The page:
Also known as trailing petunia, calibrachoa or million bells (Calibrachoa x hybrida) is a group of garden hybrids that resemble, and are closely related to, the ever-popular petunia (Petunia spp.). As the plant's common name suggests, million bells produces a prolific number of small flowers throughout the growing season, in bright shades of violet, yellow, white, pink and blue. Million bells will produce highest number of flowers in a bright, sunny spot, though it will reluctantly tolerate partial shade.
Million bells must be planted in full sun if it is to reach its full flowering potential. Missouri Botanical Garden notes it will tolerate very light shade, but flowering will decrease significantly as the amount of shade increases. When the sun is blocked by clouds, the flowers will close. They also close at night and on days with wet weather. Extended periods of wet or cloudy weather may delay flowering altogether.
Million bells is a frost-tender perennial that is often grown as an annual. As a perennial, million bells may be grown in U.S. Department of Agriculture plant hardiness zones 9 to 11. Some varieties may survive temperatures as low as 15 degrees Fahrenheit, according to Floridata. Million bells is quite tolerant of heat, taking the full brunt of the summer sun as long as it is watered regularly. Container plants will need to be watered more often than those planted in the ground.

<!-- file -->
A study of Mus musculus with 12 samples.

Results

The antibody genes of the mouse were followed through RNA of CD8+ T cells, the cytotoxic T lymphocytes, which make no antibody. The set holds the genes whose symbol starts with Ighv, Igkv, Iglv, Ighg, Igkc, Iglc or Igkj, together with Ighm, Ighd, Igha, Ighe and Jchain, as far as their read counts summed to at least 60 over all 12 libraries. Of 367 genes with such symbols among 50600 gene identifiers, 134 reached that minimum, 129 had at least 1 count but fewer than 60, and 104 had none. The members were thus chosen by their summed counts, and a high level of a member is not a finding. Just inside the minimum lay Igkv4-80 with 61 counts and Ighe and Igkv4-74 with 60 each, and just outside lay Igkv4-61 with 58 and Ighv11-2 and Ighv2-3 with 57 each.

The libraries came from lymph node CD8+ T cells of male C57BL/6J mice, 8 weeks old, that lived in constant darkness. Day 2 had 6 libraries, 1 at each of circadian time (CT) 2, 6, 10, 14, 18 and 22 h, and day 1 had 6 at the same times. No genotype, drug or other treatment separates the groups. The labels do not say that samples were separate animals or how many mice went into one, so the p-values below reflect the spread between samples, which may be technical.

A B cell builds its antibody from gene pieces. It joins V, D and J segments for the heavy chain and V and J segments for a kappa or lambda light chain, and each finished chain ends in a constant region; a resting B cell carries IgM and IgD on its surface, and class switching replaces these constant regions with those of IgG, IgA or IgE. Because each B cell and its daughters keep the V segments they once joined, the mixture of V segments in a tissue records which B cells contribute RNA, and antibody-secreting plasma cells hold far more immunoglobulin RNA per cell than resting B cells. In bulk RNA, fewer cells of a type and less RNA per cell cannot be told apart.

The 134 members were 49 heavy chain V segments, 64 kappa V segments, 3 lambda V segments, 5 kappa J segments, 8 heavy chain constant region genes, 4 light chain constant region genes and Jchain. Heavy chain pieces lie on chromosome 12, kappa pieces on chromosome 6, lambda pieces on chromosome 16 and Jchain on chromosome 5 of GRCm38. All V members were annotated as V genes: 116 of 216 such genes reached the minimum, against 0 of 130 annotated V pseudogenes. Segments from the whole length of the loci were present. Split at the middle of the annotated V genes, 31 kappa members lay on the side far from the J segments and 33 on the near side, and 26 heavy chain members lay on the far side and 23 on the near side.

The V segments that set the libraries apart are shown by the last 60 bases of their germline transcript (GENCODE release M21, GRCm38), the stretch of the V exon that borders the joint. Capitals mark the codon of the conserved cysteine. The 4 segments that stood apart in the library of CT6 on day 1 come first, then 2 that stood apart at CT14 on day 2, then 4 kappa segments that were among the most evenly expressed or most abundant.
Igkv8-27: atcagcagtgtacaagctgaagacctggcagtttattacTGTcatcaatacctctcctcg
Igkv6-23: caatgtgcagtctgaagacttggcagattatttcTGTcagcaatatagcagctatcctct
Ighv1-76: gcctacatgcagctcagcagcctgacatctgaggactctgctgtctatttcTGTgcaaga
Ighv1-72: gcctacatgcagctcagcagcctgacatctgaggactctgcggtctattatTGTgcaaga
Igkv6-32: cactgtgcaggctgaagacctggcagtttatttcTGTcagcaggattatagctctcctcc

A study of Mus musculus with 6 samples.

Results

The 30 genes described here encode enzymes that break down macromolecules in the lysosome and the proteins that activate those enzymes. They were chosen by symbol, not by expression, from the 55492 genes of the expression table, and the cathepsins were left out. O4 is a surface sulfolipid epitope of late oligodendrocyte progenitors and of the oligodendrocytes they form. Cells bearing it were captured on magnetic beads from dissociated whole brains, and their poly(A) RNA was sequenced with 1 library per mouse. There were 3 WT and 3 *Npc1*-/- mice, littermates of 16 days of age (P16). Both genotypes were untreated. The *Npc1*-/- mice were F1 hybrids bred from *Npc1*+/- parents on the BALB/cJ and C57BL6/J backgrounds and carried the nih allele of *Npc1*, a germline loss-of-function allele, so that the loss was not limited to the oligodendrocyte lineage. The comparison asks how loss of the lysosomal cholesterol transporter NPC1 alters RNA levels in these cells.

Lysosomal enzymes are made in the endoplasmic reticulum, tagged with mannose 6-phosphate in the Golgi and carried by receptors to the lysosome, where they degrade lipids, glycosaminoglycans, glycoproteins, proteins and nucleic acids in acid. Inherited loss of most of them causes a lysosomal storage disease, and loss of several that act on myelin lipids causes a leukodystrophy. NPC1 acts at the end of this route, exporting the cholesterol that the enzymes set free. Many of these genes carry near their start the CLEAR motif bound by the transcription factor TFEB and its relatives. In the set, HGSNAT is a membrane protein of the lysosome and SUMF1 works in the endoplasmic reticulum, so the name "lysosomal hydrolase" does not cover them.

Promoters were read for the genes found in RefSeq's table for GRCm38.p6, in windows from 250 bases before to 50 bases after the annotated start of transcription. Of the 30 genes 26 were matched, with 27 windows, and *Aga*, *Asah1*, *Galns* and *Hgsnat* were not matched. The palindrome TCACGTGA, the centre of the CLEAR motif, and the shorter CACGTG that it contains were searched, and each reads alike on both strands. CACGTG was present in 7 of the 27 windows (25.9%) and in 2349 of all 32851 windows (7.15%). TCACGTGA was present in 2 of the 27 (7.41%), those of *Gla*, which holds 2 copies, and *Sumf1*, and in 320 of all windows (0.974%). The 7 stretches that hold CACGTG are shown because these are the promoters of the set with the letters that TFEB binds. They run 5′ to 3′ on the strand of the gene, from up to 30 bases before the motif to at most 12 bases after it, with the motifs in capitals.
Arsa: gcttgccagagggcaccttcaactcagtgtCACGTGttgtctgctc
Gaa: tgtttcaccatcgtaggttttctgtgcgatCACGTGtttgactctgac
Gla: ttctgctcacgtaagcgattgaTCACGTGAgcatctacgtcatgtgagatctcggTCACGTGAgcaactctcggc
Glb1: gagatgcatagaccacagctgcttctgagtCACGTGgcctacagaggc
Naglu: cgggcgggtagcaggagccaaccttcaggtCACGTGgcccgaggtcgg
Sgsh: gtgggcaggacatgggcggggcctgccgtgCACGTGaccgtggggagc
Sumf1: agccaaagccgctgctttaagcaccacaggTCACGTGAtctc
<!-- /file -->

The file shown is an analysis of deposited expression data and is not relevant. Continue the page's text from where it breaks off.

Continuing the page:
Million bells prefers a well-draining soil with a pH less than 6.0. In poorly draining or consistently flooded soil, the plant may develop root rot. Because many million bells varieties are patented and produce few or no seeds, the plant is more expensive than many other annuals used in flowers beds. Million bells is better used in a hanging basket or container, because you won't need to buy as many plants to fill the space.
If you cannot provide enough sun for million bells, consider a plant that will grow well in shade. Primroses (Primula vulgaris), which grow in USDA zones 4 to 8, produce their best flowers in partial shade or filtered sunlight. Primroses require moisture retentive, organic soil. Pansies (Viola x wittrockiana), which grow in USDA zones 6 to 10, also grow well in partial shade. Pansies prefer moist, well-draining soil covered with a layer of organic mulch.